The campsite here in Kettle Falls turned out to be a good one for a city park. No late night local games or mischief, and it even had wi-fi service! I heard the train alarm go off twice last night but it hardly woke me, with earplugs in place. Lkewise, I knew that our team probably put on a small concert of snoring, including me, but the earplugs are the ticket.
The gang pulled out early and Jack and I lingered as usual. We eventually packed up and found a nearby restaurant for breakfast. They served some really good plate-sized pancakes.
We took the AC (Adventure Cycling) route out of Kettle Falls, a side road that was pastoral and more hilly than the state highway. The AC routes often give a taste of the rural homesteads, but are also often tougher on the legs, and they typically add miles, too.
Into Colville, and we ran into the gang just leaving town. They pointed us (in opposite directions) to the Safeway, and we eventually found it to buy some lunch provisions. We again took the AC route out of Colville and paid a bigger price – some really steep climbs. Same deal, though – it gave a taste of the local neighborhoods, farms, and ranches.
After the past four days of mountain passes, we expected a slightly easier ride today. We didn’t really get it. The steep climbing out of Colville, then some 30 miles of slopes and hills that elevated us over the Selkirk Mountain range. On paper this climbing doesn’t look too difficult but it took a toll, probably more so because we weren’t expecting it.
Jack and I stopped often, checking out nature, scenic spots, waterfalls, etc. The temperatures got quite cold and we did repeated wardrobe changes, too. The climb flattened out for 15 miles or more through a resort area with tall pines and mountain lakes.
It was in this climbing stretch where I passed by a narrow clearing in the pines, and it took about 100 yards for the image to register. I turned around and retreated, then slowly came up upon the opening again. A moose! Thidwick! This one had no antlers, and it was half submerged in a bog. No sooner had my hand gone to my camera pocket when s/he turned and looked up at me (in my bright red jersey), jumped, and with ponderous effort lurched out of my view (sorry – no photo). I’m not sure if “lurching” and “ponderously” are even compatible, but that’s what it was. I stood amazed and listened to large movements through the water. Jack came up and we continued to listen, heard the big sloshing movements only once more, and then they stopped.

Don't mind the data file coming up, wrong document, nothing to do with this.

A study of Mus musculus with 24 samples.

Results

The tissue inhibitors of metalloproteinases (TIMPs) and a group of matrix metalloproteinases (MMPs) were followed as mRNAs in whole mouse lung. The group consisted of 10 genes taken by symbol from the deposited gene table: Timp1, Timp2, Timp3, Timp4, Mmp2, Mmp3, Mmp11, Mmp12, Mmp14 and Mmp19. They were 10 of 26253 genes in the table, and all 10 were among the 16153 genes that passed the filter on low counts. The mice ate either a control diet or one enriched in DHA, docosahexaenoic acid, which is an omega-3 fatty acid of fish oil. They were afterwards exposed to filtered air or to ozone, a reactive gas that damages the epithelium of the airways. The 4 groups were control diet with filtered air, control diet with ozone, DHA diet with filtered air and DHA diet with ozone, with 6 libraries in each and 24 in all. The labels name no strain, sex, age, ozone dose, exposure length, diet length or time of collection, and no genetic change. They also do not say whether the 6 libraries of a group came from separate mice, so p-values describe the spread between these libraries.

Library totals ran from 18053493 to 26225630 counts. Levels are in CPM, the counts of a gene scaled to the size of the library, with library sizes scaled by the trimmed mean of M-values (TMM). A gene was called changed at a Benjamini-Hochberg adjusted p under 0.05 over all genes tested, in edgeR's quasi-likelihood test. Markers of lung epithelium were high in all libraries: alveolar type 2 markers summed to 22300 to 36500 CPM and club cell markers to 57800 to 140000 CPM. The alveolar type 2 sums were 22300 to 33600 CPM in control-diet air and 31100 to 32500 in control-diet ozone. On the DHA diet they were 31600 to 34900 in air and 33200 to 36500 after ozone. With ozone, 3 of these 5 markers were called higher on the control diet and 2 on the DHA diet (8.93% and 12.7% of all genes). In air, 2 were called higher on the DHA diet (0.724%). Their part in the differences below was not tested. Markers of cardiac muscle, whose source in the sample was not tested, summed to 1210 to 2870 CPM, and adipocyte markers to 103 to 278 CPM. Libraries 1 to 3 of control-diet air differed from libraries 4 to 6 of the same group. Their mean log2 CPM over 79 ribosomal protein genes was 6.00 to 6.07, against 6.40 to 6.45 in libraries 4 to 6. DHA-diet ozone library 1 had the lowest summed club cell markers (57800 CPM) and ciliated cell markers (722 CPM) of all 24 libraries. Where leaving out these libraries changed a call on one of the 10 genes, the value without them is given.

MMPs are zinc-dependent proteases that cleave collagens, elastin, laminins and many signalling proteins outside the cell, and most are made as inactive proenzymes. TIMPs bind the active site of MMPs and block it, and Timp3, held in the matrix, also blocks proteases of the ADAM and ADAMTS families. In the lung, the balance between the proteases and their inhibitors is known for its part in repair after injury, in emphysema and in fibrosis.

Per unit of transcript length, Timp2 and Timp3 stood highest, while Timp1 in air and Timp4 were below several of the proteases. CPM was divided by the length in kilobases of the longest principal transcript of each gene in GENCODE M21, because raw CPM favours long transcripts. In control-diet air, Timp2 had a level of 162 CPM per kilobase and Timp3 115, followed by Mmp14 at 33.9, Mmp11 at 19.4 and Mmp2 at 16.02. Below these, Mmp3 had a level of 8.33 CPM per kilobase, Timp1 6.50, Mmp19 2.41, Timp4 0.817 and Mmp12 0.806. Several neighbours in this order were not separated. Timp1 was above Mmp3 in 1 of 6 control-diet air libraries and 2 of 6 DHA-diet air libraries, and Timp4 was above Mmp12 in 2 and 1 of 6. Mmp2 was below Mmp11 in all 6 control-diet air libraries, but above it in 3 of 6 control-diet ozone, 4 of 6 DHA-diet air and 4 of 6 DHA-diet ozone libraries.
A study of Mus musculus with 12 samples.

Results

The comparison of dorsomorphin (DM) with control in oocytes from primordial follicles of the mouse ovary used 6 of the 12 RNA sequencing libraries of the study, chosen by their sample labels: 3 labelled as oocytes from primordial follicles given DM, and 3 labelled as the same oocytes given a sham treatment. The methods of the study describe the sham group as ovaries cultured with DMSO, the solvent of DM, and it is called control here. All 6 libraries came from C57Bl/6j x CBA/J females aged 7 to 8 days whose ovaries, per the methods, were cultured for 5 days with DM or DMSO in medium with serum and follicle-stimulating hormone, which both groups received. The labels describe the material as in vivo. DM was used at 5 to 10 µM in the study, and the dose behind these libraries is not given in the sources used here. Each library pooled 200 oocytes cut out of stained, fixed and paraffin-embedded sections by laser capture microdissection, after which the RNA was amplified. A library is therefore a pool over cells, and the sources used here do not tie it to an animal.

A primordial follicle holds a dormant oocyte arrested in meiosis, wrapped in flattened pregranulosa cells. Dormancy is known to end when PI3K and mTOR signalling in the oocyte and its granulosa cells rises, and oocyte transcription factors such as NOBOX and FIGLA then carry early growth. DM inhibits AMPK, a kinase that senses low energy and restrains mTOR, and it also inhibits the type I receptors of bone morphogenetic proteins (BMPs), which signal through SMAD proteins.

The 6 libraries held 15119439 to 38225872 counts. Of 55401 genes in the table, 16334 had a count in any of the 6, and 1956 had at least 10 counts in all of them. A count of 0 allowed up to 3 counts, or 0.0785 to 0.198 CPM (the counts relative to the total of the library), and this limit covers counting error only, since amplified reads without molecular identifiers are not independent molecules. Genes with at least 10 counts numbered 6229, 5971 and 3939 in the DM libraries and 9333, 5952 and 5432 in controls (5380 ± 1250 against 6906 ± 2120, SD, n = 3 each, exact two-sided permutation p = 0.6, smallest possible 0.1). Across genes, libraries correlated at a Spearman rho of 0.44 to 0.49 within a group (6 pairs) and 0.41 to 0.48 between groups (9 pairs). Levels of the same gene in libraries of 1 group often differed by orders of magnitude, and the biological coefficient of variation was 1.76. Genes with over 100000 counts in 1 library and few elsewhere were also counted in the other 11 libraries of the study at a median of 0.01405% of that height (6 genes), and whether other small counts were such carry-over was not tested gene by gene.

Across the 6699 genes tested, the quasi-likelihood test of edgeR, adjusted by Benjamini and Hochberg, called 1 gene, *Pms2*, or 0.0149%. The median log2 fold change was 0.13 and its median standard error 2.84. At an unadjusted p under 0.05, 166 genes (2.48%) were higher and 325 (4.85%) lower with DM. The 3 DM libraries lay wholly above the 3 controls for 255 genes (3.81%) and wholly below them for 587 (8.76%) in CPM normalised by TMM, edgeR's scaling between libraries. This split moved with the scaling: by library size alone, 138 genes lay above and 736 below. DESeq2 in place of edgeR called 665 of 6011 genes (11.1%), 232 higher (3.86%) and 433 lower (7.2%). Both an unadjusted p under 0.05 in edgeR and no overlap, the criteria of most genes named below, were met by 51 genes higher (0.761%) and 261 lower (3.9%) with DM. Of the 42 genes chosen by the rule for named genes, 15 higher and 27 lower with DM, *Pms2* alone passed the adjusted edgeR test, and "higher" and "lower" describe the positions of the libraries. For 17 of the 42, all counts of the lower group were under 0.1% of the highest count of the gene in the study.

I snacked as I rode, but held out lunch until we saw the “truck on a triangle” sign (the one indicating a downhill ahead). We finally reached it, ate lunch, and then enjoyed a much-deserved steep zip downhill. Jack is definitely a faster downhiller than I am, so this time he tried to stay behind me and I tried to stay ahead of him. It took all my pedal power to do it, with him just gliding along. At one point my helmet rain cover went flying off and I sure was glad Jack was there to retrieve it, (so I wouldn’t have to grind back up ¼ mile).
Our downhill took us to the Pend Oreille River. This time of year, it is hugely wide. Have I mentioned that there is SO MUCH water up here? We turned north for 5 miles and entered the town of Ione. From here it is only 20 miles to the Canadian border. Another grocery run for dinner and breakfast tomorrow because we’ll be in a remote camp tonight. Jack and I met an older couple in the parking lot who asked about our trip and told us we’d be getting rain today for sure.
From Ione, we suited up for rain, crossed the river, then headed south down the eastern bank. The rains never came and we started sweating so the rain gear came off. The AC route here leaves the state highway and takes a wonderful isolated road following the eastern river bank. In eighteen miles our campsite came into view. 73 miles today – more than we anticipated, and we were both tired. Jack and I have determined that all distance estimates must be multiplied by 1.2 as a reality check.
It was already about 7PM, and the gang was already there and set up, having beaten us by about an hour due to their superior legs, earlier departure, and also since they hadn’t taken the meandering AC routes. We set up, ate, chatted, swatted lots of mosquitoes, and finally strolled down to the river for some photos. And then, the rains. Run for cover.
So here I sit in my tent, munching trail mix, raindrops making a delightful sound from every angle but I sit here dry. From his adjacent tent, Jack has just asked, “Rich, does it get any better?”